Friday, 29 March 2013

Sanctuary

Filling time has, for the first time in my life, become a real struggle. I set myself daily goals, but they are little and insignificant. They make my time feel episodic and bitty, when what I need is a narrative arc. That's what makes a story a story.

So I started to wonder how I could create a different, plan B narrative. One to fill the blank, Lyra-less years ahead. In the end I rejoined the Bodleian Library. 


The Bod has always struck me as a magical place.
When I first heard that there was a library which contained all the books (well, almost), stored in tunnels under the ground, I didn't really believe it. It sounded too much like something from a book itself.
I was delighted when I first gained admittance (if you are not an Oxford student you need special permission to join) and was made to swear an ancient oath, promising that I would not burn any of the books. Apparently, years ago, students set fire to volumes they deemed lesser in order to keep warm.  

Books have always been a sanctuary for me. When I was growing up in Devon, my parents had our attic converted into a much needed third bedroom for my sister. For a time the room of the attic was done, all wooden like being inside a box, the carpets yet to go in, but the stairs had not been installed. To get up there you had to climb a ladder which could be drawn up after you.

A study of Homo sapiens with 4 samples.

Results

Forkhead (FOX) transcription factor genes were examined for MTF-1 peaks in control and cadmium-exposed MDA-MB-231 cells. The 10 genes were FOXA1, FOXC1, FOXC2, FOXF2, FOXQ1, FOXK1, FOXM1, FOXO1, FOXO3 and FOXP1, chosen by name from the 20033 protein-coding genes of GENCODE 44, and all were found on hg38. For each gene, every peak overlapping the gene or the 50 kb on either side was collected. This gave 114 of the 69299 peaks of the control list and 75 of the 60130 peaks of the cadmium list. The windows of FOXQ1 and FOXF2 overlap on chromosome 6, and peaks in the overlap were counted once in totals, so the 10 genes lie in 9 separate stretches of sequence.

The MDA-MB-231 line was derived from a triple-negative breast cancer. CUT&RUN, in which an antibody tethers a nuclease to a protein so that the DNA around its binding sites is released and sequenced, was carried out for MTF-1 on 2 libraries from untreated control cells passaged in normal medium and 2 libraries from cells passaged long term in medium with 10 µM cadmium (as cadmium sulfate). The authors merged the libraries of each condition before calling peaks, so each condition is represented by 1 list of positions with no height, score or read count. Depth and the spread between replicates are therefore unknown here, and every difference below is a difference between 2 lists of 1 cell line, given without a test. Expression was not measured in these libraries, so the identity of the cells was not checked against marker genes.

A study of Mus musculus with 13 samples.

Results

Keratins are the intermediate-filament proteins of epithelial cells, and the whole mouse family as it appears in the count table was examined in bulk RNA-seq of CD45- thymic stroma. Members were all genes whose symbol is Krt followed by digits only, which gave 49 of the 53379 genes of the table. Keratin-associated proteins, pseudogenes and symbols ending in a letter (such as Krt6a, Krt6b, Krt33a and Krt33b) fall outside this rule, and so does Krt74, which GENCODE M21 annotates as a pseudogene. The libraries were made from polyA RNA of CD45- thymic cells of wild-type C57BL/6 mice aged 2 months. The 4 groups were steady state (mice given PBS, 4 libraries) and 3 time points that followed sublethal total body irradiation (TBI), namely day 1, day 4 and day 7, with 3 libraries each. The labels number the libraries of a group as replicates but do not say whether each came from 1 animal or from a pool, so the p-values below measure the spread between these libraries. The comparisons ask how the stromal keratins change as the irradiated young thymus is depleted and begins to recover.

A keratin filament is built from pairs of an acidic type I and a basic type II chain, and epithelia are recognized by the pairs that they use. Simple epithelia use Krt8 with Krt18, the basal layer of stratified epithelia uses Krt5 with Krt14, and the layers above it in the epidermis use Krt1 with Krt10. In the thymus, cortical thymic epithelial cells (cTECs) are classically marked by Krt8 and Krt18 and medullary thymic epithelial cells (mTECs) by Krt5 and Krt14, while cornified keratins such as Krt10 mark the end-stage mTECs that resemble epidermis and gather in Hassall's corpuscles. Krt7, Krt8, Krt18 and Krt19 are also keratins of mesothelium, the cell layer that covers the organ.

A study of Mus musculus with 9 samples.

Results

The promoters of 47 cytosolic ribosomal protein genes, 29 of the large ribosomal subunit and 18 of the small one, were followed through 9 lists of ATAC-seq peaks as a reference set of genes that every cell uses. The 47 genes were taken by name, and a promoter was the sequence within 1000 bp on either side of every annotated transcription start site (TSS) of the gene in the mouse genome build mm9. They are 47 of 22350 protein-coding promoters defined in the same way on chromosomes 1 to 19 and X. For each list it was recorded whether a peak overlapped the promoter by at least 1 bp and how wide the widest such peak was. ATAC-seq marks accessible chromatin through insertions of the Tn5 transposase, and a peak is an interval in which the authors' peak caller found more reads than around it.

I used to go up there and sit half inside, half almost on the roof, my feet on the hot tiles, reading adventure story books - quests, dragons, spies, magic, happy endings. It was blissful. Safe and secure and just for me and my stories.

Academic reading isn't quite like that. But it still absorbs the mind. It stops the hurtful chatter that goes on there, the seething memories, the aches and pointless wishes, the hopes and the fears. If I can actually get PhD funding, I will be legitimately allowed to remain in this pursuit for three years, with money as well.
Hopefully I can research something that will be of some use. 

And it gives me pause, whenever I enter, to remember that Virginia Woolf - who seems so recent - was unable to use the library. Because she was a woman.